For Shakespeare fans, there are few moments in the Bard’s canon so poignant as the scene at the end of The Tempest in which Prospero, the exiled Duke-turned-wizard, renounces forever his magical arts and the tools with which he has plied them. Prospero may be a manipulative old sonofabitch who enslaves both Caliban and Ariel, patronizes his daughter Miranda and torments her suitor Ferdinand, along with the old adversaries who deposed him; but it is nearly universally agreed among scholars that he’s also the stand-in for the playwright himself, crafting his last great work and bidding his audiences adieu.
And great it indisputably is: The Tempest has larger-than-life characters, plenty of lyrical and memorable turns of phrase, backstabbing court intrigue, supernaturally caused natural disasters, tender romance, clownish drunken sailors, a deceptive fairy and a misunderstood monster, mysterious disembodied music, even a spectral banquet with goddesses in attendance – what more could a theatregoer ask for? No other Shakespeare play offers such diverse opportunities for stage magic and spectacle, and it remains wildly popular after four centuries for good reason.
Historically, and more so than most of Shakespeare’s works, The Tempest has also lent itself to an endless stream of modernized interpretations, some of them downright bizarre. Even as far back as Restoration theatre, producers and directors were tinkering with the play, inventing new characters to flesh out the scanty female side of its dramatis personae. In the 20th century, politicized productions spinning the story as an indictment of colonialism became fashionable, with black actors pointedly cast as the long-suffering Caliban. Peter Brook directed a mostly mime version in London in 1968, and several Noh and Bunraku adaptations appeared in Japan in the 1980s and ‘90s.
Perhaps the most over-the-top version of The Tempest in living memory was the one created for Joseph Papp’s Shakespeare in the Park in 1981 by avant-garde director Lee Breuer of Mabou Mines. The shipwrecked vessel was represented by a real helicopter, which circled low over the Delacorte Theatre in Central Park as Raul Julia in the role of Prospero waved a toy helicopter over his head. After that it just got weirder: Stephano and Trinculo were dressed (and voiced) as W. C. Fields and Mae West, while Ariel consisted of a flock of very small boys plus one very large Sumo wrestler.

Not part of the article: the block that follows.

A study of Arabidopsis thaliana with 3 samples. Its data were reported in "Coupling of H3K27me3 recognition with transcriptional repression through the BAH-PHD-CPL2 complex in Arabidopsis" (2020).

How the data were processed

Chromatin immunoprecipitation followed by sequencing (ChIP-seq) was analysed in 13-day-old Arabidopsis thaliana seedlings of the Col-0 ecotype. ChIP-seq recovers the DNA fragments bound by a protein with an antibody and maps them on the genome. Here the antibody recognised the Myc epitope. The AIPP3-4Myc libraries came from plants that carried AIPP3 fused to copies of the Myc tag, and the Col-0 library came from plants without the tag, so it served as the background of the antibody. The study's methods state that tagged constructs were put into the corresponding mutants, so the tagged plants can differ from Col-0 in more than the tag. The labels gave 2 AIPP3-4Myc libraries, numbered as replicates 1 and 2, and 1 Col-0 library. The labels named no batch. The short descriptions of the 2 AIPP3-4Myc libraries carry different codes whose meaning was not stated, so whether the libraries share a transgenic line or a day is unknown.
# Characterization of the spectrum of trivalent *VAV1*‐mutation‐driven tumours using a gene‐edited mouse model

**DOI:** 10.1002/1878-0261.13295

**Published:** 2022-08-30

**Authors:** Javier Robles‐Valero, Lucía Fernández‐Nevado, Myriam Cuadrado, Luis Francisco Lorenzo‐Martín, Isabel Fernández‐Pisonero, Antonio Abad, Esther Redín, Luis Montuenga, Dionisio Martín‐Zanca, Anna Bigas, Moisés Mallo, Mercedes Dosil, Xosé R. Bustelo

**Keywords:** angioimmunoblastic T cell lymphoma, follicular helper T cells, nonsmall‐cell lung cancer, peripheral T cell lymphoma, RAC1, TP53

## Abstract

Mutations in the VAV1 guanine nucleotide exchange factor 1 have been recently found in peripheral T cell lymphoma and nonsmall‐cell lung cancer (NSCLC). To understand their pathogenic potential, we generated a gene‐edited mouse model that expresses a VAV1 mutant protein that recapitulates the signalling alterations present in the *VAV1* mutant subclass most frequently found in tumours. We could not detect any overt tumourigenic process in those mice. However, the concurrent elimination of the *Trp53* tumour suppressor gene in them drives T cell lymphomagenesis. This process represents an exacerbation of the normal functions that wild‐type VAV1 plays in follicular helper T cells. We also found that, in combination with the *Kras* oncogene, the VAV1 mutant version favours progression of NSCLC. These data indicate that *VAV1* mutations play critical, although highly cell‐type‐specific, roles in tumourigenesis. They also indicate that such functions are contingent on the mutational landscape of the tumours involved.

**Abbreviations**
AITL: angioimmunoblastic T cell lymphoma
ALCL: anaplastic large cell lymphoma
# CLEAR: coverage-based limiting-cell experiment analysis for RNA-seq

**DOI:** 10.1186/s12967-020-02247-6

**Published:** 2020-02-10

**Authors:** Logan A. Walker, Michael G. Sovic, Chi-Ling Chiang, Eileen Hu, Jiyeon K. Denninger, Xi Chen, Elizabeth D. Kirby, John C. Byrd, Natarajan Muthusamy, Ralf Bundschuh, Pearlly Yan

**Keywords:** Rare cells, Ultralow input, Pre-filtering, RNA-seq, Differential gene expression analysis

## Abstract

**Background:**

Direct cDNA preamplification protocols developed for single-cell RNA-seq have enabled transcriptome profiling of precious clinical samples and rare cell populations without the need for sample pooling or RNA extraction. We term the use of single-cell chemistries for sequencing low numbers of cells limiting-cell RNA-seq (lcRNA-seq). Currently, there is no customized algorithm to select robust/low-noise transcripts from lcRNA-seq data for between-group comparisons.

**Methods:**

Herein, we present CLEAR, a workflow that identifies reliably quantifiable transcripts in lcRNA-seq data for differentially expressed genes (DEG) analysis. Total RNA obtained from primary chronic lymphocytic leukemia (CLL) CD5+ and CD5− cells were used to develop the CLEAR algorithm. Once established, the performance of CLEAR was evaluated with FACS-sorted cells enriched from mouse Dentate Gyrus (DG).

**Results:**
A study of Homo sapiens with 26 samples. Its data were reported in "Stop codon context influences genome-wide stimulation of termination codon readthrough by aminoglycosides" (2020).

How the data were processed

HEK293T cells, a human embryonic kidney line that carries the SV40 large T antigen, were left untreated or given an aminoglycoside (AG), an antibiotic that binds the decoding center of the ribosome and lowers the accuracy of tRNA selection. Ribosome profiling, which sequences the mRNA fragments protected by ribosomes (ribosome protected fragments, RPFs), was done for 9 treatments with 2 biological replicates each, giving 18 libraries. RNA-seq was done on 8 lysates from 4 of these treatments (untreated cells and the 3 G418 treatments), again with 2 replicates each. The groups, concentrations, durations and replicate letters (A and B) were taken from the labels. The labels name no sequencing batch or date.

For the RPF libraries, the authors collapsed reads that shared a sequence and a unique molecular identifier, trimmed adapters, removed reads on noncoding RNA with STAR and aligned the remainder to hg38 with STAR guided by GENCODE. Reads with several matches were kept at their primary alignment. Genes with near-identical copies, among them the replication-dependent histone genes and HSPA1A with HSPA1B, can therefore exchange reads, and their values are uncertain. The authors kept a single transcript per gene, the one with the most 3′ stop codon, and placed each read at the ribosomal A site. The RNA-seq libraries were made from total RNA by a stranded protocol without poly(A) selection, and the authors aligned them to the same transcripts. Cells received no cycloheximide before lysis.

The Tempest has also been made into several operas and innumerable films, including the kitschy 1956 science fiction adaptation Forbidden Planet, in which Ariel became Robbie the Robot and Caliban a disembodied “monster from the id.” There have been modern-language, homoerotic and animated movie versions, and most recently, Helen Mirren played Prospera in Julie Taymor’s 2010 feminist reimagining onscreen.
So what will the Department of Theatre Arts at SUNY-New Paltz do with this most durable and malleable work of the Bard of Avon in its new production that opens this Thursday and continues for two weekends? Well, the sorceress Prospera will be back, portrayed this time by associate professor and self-described “rogue artist” Connie Rotunda, backed by a student cast under the direction of associate professor Nancy Saklad. “Several characters switch genders from male to female roles,” says the official description, “resulting in their gender attributes taking on new meanings and allowing the audience to look at the nature of gender as it relates to positions of power.”
The art direction of the production will be somewhat steampunk in style, but the themes of the work will remain grounded in the universalities that make Shakespeare “not of an age, but for all time.” According to Saklad, “My concept focuses on the theme of retribution and forgiveness and ultimately what it means to love.”
The Tempest by William Shakespeare, Thursdays-Saturdays, November 14-16 & 21-23, 8 p.m., Sundays, November 17 & 24, 2 p.m., $18/$16/$10, McKenna Theatre, SUNY-New Paltz, 1 Hawk Drive, New Paltz; (845) 257-3880, www.newpaltz.edu/theatre.